College of Business graduate giving back to the university and community
You'd expect a basketball player for the University of Nevada, Reno team that made it all the way to NCAA Sweet 16 (2003-2004) would be brimming with confidence.
But entering the business world, requires a whole different type of confidence.
]Garry Hill-Thomas, co-owner of Pink Hill Properties, LLC, with basketball teammate Kevinn Pinkney, entered the University of Nevada, Reno College of Business to be prepared for whatever professional life threw at him.
"It gave me a lot of confidence," said Hill-Thomas, who graduated from The College of Business in 2015. "It allowed me to meet a lot of different people doing a lot of different things (in the community)."
A large part of his studies for his Masters of Business Administration degree involved networking with fellow students and professors. Those contacts continue to help him build his businesses.
As he's transitioned from student to businessman, Hill-Thomas and Pinkney are giving back to the community and university.
Hill-Thomas and Pinkney, who continues to play professional basketball with an Israeli team, already have a track record of giving back to the community. "Both Kevinn and I love it here," Hill-Thomas said. "We've both made Reno our home."
In 2010, the pair worked with the Children's Cabinet, Inc., to found the Nevada C.C. Wolverines basketball program to help children develop social, athletic and academic skills.
Hill-Thomas also played professional basketball before returning to Reno. He now serves as assistant coach with the Reno Bighorns. He lives full-time in Reno with his wife and two sons.
As their first development project, Pinkney and Hill-Thomas are transforming an eyesore across from the university into modern student housing and a gathering place for students.
The Towers at Pink Hill, which is under construction on North Virginia at 14th Street, is a four-story, mixed-use building that will add 23 units to student-housing options and commercial space on the ground floor.
The project is on three lots that formerly included a boarded-up house, an alley, and an open lot used for parking. The project got a little behind due to the record-breaking winter in the area, but was expected to be move-in ready in early September.
Getting to this point took extensive planning and negotiations, something The College of Business gave Hill-Thomas the knowledge to manage.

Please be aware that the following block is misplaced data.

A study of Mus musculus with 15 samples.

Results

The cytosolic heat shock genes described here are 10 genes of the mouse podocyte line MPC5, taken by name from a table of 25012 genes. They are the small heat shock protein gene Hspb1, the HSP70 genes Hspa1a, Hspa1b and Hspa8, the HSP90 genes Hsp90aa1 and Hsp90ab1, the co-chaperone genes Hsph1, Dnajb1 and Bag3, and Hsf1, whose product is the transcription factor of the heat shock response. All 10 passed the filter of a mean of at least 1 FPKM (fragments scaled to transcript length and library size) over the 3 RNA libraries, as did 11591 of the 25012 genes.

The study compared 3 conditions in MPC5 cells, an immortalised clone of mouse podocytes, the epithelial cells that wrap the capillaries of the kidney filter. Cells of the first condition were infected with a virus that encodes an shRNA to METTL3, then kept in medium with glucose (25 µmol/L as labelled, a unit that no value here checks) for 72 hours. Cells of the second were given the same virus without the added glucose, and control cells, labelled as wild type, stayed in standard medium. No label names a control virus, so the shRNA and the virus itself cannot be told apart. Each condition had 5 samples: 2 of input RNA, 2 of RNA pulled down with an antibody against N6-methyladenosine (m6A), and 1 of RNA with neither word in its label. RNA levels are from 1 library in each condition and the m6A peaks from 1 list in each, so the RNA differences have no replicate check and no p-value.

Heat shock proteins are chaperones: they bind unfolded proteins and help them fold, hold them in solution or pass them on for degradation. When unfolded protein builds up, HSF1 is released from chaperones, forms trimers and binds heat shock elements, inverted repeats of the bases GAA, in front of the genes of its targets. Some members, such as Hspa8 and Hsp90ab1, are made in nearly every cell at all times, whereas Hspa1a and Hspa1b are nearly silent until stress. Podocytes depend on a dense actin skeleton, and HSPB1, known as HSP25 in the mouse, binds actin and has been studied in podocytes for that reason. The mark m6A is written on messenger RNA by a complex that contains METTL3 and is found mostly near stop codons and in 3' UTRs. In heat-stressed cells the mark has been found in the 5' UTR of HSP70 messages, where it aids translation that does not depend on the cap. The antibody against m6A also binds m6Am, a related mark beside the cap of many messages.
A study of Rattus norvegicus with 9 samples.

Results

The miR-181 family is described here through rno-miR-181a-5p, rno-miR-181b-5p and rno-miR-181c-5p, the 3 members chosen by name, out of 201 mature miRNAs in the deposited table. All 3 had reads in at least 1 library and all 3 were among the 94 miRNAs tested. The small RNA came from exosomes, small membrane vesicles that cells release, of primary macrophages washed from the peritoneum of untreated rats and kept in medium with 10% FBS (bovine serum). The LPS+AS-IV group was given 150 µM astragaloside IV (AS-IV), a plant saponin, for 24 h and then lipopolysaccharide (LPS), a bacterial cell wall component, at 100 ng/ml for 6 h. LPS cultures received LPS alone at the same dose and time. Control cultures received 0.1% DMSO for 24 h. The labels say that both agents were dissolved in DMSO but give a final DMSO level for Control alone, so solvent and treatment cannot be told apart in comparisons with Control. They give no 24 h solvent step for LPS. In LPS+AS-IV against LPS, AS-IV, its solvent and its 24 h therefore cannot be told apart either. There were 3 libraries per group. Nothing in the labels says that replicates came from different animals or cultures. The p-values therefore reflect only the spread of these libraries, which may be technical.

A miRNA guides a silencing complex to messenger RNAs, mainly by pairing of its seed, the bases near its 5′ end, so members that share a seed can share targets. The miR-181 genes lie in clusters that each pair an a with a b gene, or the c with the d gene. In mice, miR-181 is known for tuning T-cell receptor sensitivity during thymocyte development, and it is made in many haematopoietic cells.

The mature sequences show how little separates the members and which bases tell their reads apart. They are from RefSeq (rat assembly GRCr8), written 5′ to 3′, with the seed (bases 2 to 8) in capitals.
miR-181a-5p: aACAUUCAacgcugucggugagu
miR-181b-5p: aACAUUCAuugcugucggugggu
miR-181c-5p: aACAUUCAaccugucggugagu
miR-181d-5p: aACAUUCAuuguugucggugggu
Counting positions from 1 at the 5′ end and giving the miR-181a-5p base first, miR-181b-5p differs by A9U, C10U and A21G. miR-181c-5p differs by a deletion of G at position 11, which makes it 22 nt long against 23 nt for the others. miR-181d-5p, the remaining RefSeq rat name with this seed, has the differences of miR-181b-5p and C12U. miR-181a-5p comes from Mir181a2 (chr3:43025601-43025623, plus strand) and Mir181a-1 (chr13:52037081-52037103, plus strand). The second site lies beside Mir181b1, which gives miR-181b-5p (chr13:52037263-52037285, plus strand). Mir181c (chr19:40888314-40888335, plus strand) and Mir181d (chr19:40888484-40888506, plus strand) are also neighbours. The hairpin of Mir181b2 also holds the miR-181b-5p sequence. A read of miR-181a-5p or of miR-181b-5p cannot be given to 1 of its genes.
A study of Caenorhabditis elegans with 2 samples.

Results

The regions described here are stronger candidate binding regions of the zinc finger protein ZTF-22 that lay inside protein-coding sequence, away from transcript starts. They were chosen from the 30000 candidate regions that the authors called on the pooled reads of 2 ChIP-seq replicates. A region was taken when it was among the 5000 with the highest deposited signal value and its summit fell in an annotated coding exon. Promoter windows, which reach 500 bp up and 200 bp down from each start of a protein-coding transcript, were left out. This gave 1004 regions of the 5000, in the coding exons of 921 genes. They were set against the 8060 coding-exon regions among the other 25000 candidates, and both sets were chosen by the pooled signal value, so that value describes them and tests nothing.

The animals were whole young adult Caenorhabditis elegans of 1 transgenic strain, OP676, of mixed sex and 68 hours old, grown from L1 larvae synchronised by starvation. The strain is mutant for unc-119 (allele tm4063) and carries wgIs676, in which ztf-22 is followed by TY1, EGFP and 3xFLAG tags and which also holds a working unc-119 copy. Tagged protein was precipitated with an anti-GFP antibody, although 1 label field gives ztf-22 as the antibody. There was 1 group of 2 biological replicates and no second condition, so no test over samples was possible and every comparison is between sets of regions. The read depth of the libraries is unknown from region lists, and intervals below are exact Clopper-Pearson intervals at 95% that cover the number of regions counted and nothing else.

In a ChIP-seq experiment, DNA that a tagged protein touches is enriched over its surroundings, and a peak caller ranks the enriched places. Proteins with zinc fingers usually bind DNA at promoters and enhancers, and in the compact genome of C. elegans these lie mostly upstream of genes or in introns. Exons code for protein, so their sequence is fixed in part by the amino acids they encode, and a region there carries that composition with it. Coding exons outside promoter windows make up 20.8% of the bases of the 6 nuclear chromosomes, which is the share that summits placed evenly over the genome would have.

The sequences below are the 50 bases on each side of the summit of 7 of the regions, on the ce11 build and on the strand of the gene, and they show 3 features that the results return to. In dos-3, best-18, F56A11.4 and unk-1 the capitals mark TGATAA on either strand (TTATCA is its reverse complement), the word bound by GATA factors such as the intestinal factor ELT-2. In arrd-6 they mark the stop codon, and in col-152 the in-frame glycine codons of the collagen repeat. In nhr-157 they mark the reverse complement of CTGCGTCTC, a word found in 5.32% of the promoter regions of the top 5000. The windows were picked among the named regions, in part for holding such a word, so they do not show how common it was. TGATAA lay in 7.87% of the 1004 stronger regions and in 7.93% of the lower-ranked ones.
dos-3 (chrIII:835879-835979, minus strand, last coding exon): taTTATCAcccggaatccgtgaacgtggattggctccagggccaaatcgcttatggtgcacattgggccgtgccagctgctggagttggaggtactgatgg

The business partners first noticed the weed-infested block across from the neatly managed university as a sad contrast.
"We just wanted to do something nice for the university. To give something back," Hill-Thomas said in a previous interview. "It was tough driving by and seeing one side of the street looking nice and the other looking sad."
What at first seemed like a problem that could be solved with a few phone calls and financing, turned into a three-year battle.
They purchased two of the offending parcels and discovered zoning restrictions blocked their plans. The west side of North Virginia Street was zoned for single-family homes.
"It took many, many phone calls, lunch meetings, pledges, begging," Hill- Thomas said.
Through several months, the city worked with them through layers of red tape to rezone their lots to multifamily and mixed use.
But the victory was short-lived. Their lots were next to a home, creating another obstacle.
"Come to find out, if it's next to a single-family home, you can't build multifamily next to it," he said.
"We explained what we planned to do; what we planned to bring to the area." In a year and a half working with the city, the officials caught their vision. With the city on board, the entire block was rezoned to allow mixed, multifamily and commercial development.
"Within a couple weeks, a couple student-housing development companies literally bought the entire (remaining) block," Hill-Thomas said.
When complete, the 23 units, which range from studio to four-bedroom, will provide housing for 54 students with individual leases. The larger units will have a common area with tenant rooms separated with individual locks.
"Modern mixed-use buildings have, not only housing for students, but easy access to the university," Hill-Thomas said.
"The concept is a little foreign to Reno, but you see it in major cities." Below the student housing units, 8,000 square feet of commercial space will also serve student needs.
Greater Nevada Credit Union, which provided financing for the project, is set to occupy half of the commercial space.
The remaining space will be filled with what Hill-Thomas calls a threerestaurant concept that the business partners envisioned.
The goal is to build the social side of life for students attending a major college campus, to provide an easily accessible place to gather after games, meet friends and eat, he said.
"Many students don't have the luxury of cars" so they need easy walking access to places to gather and get food.
Pink Hill will offer a café/deli concept, a modern twist to a pizza place, and an ice cream sandwich shop.
It's all designed with the needs of students and their families in mind.
"We wanted to create a safe environment, a newer environment," Hill-Thomas said. "A lot of housing around here are older buildings.
"It's also a place for parents to leave their kid and feel it's a safer environment as they drive home."
Despite the difficulties at the start of the Pink Hill project, the experience has only whet the appetite of Pinkney and Hill-Thomas.
"We plan to continue this and continue to grow," Hill-Thomas said.